The Los Angeles Times' uncovering of exorbitant salaries and financial irregularities in the small working-class city of Bell has been awarded Investigative Reporters and Editors' top honor.
The nonprofit group awarded the IRE Medal for the newspaper's coverage, which involved more than a dozen reporters and editors and resulted in criminal charges against city officials and millions of dollars refunded to taxpayers.
"At a time when many news organizations are pulling back and reducing coverage of outlying cities, the Los Angeles Times uncovered a story of incredible greed in one of the state's poorest towns, Bell," the award's judges said, noting that the stories' impact has been "far-flung."
Times Editor Russ Stanton said the paper was "honored and humbled to receive this kind of recognition from a formidable organization like IRE."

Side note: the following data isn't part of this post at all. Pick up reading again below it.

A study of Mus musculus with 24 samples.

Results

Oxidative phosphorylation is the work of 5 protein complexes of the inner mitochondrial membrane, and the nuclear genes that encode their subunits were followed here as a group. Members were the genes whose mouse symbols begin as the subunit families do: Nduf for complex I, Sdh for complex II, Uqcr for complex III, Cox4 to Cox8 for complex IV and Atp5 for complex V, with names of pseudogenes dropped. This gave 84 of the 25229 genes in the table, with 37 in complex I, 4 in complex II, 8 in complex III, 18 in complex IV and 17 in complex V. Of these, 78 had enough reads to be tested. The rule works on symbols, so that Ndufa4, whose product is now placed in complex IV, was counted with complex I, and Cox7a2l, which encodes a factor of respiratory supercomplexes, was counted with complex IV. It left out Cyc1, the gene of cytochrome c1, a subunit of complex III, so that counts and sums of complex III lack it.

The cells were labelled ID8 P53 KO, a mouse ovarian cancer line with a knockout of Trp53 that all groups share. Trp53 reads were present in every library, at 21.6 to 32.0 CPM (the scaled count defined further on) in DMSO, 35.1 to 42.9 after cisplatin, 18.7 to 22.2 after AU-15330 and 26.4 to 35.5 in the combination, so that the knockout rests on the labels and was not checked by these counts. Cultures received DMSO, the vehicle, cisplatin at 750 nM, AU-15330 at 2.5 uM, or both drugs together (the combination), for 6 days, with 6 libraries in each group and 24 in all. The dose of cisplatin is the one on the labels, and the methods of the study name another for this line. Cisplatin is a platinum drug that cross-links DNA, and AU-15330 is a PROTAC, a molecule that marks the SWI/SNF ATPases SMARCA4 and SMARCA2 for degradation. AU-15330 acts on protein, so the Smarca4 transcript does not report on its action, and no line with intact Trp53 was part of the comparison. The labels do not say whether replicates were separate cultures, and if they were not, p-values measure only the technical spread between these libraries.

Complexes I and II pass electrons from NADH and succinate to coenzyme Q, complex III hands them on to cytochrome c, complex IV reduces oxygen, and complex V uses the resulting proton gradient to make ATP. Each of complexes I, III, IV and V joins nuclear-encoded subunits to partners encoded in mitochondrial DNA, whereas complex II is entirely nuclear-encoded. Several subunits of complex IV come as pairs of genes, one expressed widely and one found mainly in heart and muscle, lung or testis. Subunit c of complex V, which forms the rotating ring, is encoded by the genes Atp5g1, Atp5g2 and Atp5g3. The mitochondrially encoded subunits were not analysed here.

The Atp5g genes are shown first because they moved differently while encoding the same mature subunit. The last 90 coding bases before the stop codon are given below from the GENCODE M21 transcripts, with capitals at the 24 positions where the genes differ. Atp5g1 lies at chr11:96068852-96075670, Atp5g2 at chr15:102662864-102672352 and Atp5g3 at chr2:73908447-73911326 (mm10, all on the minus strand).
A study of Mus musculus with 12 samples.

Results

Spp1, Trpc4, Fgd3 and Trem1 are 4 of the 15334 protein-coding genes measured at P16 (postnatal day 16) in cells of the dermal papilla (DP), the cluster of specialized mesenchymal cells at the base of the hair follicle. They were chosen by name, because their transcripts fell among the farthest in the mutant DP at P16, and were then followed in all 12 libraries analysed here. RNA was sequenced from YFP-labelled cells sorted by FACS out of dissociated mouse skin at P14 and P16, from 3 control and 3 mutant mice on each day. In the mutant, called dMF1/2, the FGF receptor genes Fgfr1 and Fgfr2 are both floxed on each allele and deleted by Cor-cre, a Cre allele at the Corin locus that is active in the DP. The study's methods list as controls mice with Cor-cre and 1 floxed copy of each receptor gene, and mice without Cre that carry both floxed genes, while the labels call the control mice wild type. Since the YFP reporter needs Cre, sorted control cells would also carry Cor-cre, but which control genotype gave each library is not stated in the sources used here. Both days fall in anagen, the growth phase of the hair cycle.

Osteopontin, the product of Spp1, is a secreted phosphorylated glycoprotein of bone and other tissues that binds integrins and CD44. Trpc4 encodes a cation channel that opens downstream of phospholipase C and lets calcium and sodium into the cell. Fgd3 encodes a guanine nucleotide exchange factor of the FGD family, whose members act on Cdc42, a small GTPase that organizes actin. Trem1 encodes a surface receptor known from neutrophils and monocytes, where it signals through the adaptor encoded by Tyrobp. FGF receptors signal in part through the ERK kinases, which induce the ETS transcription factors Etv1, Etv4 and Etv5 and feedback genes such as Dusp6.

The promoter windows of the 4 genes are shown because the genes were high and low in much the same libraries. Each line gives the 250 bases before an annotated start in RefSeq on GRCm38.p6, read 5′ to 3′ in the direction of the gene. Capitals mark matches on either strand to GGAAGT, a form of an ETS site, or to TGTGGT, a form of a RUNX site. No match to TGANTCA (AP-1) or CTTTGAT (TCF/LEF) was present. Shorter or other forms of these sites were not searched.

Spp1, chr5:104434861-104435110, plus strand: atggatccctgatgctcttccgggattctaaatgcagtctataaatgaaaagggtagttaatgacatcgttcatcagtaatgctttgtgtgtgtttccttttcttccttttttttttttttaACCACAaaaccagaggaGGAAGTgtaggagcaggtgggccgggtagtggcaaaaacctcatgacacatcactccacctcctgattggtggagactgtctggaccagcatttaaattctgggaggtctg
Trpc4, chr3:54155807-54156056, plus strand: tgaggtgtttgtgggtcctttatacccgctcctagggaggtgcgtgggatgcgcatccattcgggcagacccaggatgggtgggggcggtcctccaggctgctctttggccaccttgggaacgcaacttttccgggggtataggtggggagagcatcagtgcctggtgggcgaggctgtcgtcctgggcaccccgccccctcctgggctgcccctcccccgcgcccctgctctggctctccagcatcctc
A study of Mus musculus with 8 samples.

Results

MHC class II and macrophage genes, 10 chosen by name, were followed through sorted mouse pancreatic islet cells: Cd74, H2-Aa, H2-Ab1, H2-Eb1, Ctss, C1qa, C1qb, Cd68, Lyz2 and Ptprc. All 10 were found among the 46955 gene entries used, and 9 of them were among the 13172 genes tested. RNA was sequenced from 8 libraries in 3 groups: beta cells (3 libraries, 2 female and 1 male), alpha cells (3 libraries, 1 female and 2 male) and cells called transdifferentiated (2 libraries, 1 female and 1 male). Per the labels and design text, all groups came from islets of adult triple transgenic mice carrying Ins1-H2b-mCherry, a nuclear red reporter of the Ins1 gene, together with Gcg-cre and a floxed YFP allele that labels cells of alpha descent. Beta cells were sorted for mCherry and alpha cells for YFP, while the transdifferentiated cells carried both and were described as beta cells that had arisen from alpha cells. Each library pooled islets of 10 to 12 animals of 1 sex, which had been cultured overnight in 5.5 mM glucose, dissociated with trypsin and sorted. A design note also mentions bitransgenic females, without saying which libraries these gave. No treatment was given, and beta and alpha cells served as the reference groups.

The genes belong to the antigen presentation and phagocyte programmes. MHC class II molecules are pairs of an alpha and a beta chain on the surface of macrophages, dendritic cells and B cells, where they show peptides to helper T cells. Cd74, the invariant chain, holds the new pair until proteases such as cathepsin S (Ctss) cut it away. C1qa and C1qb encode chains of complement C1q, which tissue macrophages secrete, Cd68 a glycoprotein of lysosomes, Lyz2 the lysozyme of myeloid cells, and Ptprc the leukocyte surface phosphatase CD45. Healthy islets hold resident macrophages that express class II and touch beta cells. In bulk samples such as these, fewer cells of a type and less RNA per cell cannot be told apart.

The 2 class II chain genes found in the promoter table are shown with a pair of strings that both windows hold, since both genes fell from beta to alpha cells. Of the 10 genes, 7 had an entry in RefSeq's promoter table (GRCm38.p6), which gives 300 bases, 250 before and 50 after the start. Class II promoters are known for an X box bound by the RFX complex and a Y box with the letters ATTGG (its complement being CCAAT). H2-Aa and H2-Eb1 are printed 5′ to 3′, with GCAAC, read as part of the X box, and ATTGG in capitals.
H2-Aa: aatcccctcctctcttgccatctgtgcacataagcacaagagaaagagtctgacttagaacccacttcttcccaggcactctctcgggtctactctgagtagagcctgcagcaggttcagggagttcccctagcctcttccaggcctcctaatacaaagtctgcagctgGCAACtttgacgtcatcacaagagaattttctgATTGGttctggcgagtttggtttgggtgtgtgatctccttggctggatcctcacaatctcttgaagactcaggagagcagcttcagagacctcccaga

"We remain committed to providing this kind of in-depth reporting about the public institutions that are vital to our democracy," he said.
The newspaper's Bell coverage previously received the George Polk Award for local reporting, the American Society of News Editors' distinguished writing award for local accountability reporting, and the Selden Ring Award for Investigative Reporting from the University of Southern California.
The IRE medal was also awarded to the International Consortium of Investigative Journalists and the BBC International News Services for their reporting on the global asbestos trade.
Also a finalist for the medal was another Times series, "Grading the Teachers," about the "value-added" method of analyzing teacher performance, which sparked a national debate on how best to evaluate educators' effectiveness. The Associated Press, the Chicago Tribune and the New York Times also were finalists.